Photo: Mint

Opinion | A land of missed calls and revised deadlines

Some distortions of the telecom market caused by India’s ‘caller pays’ regime are showing up only now. This system was to be phased out, but it’s taking much longer than envisaged

Cell phone users in India must sharpen their reflexes, now that telecom service providers have reduced the ringing limit for outgoing calls to 25 seconds. The sounds that alert us to incoming calls are not exactly costless. Every ring eats up radio frequency, and Indian telecom companies cannot be faulted for wanting to move towards international standards, particularly after the telecom regulator flagged the issue last month. A majority view in favour of rings that last 30 seconds, though, was lost in a haze once Reliance Jio set the cut-off limit for its outgoing calls to 25 seconds, and its rivals Bharti Airtel and Vodafone Idea followed suit. Such a short ring duration lends itself to accusations of being designed to induce call backs from call recipients who are unable to respond in time. Under a “calling party pays" framework, an operator that originates a call must pay a termination fee to the network that answers. This means a net gain is made if more calls come in than go out to other networks. This intake constitutes a sizeable chunk of operator revenues, now that consumers themselves pay so little for the services they avail of.

However, as technology pulls down the cost of carrying voice traffic, termination fees are to be phased out. The payment system is currently the subject of a policy rethink on a sunset date for it. Packet switched networks, such as those using 4G cellular technology, render these charges redundant. The government is hopeful that domestic telecom firms would have upgraded their grids and moved enough of their legacy subscribers onto these networks by the end of this year. Disappointingly, the shift has been very slow. Every second cellular subscriber in India is still on either a 2G or 3G network. Although Jio has all its users on a 4G network and Airtel has tripled the size of its 4G grid in two years, only about half the handsets selling are 4G-enabled. Setting up spiffy new networks is one thing, getting subscribers to embrace them is quite another. For Jio, it was part of its game plan. Having bet its future on a rapid upgradation curve, it took just three years to expand its share of subscribers to around one-third of the total by bundling cheap tariff plans with elementary handsets hooked to its network. For Bharti Airtel and Vodafone Idea, which were left vastly indebted by the large sums they paid for 2G and 3G spectrum, pushing most of their subscribers to the latest available generation of mobile technology has been a far stiffer challenge.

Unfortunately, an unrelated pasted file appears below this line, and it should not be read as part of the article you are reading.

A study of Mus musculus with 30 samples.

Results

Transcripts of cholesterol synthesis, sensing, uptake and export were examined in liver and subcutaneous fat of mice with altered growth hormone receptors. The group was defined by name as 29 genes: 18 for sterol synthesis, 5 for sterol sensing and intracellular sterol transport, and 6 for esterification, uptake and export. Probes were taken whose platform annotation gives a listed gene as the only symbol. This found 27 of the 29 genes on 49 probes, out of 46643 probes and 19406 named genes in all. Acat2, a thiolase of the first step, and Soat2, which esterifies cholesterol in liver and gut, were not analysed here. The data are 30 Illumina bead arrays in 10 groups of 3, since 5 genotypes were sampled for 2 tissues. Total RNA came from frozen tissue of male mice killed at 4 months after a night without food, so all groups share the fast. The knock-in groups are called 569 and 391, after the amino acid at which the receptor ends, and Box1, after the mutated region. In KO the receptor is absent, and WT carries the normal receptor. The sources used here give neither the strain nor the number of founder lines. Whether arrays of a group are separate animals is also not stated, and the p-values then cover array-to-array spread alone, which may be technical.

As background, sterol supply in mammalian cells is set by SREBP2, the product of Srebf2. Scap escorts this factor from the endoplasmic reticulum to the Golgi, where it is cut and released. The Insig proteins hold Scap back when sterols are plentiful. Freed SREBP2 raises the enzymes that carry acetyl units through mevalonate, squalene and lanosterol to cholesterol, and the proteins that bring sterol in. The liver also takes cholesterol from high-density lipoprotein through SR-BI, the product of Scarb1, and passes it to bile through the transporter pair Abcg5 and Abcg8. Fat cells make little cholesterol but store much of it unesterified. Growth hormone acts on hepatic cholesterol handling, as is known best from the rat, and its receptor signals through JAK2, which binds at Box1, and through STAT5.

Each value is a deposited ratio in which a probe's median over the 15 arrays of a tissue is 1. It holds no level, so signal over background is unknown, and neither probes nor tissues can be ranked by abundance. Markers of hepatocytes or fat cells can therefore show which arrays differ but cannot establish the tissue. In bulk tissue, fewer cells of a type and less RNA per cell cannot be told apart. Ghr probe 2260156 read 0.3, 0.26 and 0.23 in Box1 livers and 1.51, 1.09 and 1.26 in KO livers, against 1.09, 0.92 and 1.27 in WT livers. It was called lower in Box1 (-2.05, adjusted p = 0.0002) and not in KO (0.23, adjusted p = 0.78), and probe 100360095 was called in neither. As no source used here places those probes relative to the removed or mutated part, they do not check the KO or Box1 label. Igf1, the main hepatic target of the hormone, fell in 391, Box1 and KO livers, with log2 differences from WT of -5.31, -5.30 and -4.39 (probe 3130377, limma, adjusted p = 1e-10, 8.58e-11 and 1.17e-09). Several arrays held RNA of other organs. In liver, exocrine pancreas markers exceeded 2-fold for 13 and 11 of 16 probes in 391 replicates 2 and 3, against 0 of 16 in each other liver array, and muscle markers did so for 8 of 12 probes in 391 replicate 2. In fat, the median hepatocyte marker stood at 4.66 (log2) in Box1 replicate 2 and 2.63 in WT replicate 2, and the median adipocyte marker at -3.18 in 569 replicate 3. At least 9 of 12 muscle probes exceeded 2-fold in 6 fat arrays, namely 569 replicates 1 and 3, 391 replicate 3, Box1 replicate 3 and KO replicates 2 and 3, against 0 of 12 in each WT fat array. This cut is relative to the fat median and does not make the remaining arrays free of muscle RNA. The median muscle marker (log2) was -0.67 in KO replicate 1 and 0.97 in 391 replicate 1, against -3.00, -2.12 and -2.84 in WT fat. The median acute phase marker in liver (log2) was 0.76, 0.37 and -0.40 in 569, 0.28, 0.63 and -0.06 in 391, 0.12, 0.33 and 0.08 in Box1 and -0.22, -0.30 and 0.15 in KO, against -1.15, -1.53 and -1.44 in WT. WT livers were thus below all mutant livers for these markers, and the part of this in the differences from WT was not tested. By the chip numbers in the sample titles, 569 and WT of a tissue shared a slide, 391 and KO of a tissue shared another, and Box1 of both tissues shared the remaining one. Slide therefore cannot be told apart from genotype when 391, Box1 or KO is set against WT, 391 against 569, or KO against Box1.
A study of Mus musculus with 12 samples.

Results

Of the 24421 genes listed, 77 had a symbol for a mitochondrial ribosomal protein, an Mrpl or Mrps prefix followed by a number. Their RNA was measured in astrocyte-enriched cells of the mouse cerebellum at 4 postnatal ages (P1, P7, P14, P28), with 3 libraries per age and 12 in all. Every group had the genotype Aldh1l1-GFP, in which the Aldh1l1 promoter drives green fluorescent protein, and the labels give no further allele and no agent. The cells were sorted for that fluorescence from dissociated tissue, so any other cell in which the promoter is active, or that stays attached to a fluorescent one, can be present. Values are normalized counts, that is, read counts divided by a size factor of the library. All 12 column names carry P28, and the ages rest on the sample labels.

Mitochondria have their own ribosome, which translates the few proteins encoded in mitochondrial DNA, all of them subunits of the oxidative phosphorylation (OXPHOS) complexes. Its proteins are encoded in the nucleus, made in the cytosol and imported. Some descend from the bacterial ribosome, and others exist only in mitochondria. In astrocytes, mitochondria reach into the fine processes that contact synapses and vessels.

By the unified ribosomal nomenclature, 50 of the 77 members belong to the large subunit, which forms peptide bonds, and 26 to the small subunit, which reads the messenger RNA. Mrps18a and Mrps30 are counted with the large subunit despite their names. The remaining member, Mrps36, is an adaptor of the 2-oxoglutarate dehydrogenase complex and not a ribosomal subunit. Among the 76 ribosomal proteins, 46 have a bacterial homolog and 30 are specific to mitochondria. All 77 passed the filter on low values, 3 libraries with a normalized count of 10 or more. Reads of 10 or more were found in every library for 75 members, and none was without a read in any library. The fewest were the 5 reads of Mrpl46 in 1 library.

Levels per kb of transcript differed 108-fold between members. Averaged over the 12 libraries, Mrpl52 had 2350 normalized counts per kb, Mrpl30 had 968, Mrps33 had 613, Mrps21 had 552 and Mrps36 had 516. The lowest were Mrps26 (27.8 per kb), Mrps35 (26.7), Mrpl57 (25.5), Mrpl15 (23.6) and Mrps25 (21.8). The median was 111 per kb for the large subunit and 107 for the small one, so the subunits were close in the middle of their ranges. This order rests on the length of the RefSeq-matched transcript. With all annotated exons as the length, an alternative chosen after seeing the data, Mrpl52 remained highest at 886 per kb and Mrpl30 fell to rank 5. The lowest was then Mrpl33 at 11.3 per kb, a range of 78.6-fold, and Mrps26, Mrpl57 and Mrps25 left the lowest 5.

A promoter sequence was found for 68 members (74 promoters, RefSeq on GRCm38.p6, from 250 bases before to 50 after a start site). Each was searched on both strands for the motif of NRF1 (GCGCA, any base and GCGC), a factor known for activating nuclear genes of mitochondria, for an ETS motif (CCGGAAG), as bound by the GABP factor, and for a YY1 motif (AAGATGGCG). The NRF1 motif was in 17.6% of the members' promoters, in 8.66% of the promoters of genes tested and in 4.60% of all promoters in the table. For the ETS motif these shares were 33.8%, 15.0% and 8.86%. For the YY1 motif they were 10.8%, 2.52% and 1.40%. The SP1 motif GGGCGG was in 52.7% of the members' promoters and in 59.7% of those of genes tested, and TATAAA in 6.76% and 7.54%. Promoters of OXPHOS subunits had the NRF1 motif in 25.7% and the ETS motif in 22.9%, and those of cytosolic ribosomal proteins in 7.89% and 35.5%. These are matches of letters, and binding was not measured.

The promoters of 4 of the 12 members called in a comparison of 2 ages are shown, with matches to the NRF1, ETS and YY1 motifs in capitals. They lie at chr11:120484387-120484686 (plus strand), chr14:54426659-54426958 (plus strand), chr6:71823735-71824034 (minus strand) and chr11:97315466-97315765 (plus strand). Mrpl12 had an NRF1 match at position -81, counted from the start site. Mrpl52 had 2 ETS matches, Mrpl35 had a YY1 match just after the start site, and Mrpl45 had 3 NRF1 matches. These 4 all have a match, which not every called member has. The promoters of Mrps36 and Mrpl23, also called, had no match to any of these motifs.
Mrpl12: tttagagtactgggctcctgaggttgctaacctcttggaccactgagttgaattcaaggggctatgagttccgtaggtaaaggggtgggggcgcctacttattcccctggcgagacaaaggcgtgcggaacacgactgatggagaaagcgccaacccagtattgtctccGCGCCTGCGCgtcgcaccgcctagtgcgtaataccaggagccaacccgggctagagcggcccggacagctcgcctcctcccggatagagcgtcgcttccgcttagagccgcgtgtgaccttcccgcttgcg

The axing of termination fees was to mark India’s mass upgradation, and the regulator’s second thoughts over a deadline for it amounts to an admission that progress has been slower than envisaged. Any reassessment of the situation would have to address the incentive that operators have to resist change, reluctant as some may be to let go of the money raked in that way. If the status quo persists, millions of mobile subscribers could be left with outdated means of communication. The burden of high spectrum fees has already acted as a drag on the adoption of new technologies. As India gears up to roll out 5G services, telecom regulation must help the sector strike an optimal balance. The country has always taken a dual-lane approach to wireless telephony. A slow lane is alright, so long as the fast lane keeps up with the rest of the world.